Every now and then I find a green potato chip in with the normal potato chips. Now, I have never seen a green potato (except on Saint Patrick's Day at a diner, the chef of which had a questionable sense of humor, and it was mashed), so I assume that something happens to the chips during the chipping process to inadvertently color certain of their number a virulent verte. Why?
Illustration by Slug Signorino
Green (or brown) chips come from potatoes that have been kept in storage so long that the sugar in them has caramelized. A percentage of taters picked in the fall is stored for use during March through May, when the supply of fresh potatoes is at its lowest. Quality control is supposed to catch the greenies, but some sneak by. I’m told they’re harmless. However, I make no promises.
After reading your discussion of green potato chips, which you described as harmless, I would like to offer the following comments. When I was a boy back on the family farm in Minnesota, we always raised our own potatoes. Sometimes the potatoes protruded above the ground, and when that happened, the exposed portion turned green as a result of the formation of chlorophyll. We called it “sun scald.” My mother always removed the spots of sun scald when preparing the potatoes for the table because it was common knowledge among farm people that the spots contained a poison, the same as the leaves did.
Potatoes belong to the nightshade family, and most green portions of plants in this family contain an alkaloid poison called solanine. While it is unlikely that anyone has ever become seriously ill from eating the small portions of green sometimes found on potato chips or french fries, some tummy aches could probably have been prevented. They definitely are not good for you!
Well, OK. Maybe I shouldn’t have said green potato chips are “harmless.” Maybe I should have said they were “harmless compared to getting hit by a truck,” just to put things in perspective. But let’s get serious. Do you know how many green potato chips you’d have to eat to kill yourself? Fifty kajillion, that’s how many. You could get killed if fifty kajillion potato chips fell on you. So let’s not get too excited here.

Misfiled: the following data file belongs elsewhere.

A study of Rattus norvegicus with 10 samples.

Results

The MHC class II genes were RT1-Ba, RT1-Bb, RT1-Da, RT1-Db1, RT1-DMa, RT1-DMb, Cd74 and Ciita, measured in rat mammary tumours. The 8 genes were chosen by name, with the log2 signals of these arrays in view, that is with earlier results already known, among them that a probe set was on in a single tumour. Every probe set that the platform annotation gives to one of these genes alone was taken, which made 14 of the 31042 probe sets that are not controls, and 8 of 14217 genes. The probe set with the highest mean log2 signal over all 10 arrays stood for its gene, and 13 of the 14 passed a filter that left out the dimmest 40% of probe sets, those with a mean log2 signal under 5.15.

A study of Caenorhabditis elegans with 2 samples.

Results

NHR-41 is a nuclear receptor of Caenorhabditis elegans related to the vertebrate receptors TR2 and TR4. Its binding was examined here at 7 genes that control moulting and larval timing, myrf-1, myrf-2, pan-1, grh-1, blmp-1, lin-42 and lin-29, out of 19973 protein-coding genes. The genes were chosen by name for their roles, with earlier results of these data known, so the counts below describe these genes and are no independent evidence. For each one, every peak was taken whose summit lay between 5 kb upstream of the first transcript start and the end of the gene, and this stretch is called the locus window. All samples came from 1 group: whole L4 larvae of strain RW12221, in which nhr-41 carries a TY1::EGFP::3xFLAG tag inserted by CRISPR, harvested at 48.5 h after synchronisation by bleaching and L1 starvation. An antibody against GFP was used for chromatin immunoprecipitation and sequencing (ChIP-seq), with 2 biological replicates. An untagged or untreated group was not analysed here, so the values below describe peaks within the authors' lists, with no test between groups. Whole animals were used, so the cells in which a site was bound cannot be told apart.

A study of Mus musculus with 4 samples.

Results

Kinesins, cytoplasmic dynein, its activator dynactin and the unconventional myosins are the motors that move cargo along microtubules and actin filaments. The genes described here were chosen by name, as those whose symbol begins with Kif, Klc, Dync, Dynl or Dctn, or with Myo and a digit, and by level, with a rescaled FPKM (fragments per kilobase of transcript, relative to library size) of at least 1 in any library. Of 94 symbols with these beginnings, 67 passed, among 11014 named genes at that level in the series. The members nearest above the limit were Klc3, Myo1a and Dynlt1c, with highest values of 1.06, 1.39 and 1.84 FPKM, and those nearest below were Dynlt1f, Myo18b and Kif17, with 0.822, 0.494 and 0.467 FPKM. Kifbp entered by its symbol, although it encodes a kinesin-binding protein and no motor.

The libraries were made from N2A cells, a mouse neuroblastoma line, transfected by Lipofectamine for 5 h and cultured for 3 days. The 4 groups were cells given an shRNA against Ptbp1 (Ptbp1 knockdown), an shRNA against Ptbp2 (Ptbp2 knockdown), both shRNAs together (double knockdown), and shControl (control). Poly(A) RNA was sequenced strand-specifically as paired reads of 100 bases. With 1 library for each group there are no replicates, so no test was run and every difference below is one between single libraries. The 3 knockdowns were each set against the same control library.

Just to clarify: green potatoes result from excessive exposure to light, whether natural or artificial. The green itself is chlorophyll, which is not harmful. However, the same process of photosynthesis that produces chlorophyll also produces compounds called glycoalkaloids, such as solanine, that are toxic in large amounts.
In a normal potato plant, the glycoalkaloids are concentrated in the leaves and the sprouts. The story is told that during World War II some refugees broke into an abandoned house and found a quantity of old sprouted potatoes in the basement. The potatoes themselves were too dried out to eat, so the refugees made a stew out of the sprouts — and got incredibly sick as a result. Thus Mom’s injunction never to eat the eyes in a potato, eyes, of course, being sprouts as yet unborn.
Green potatoes and green potato chips are to be distinguished from brown potato chips, which are a different matter entirely. Brown potato chips result when potatoes are stored too long at low temperatures, causing them to accumulate excessive sugar. When sugar is present in normal amounts, it combines with amino acids during cooking to produce the potato chip’s characteristic yellow-brown color. A chip with too much sugar, on the other hand, takes on a dark brown, almost burned appearance, even though it wasn’t in the oven any longer than usual. This phenomenon is commonly but inaccurately known as “caramelization.” (True caramelization occurs when water is removed from sugar.)
Brown chips are harmless. Green ones won’t kill you in small amounts, but in the words of one authority, “you should not deliberately go around trying to find green potato chips just so you can eat them.” Which pretty much kills THAT party idea. Do the sensible thing and stick to ones you know are safe.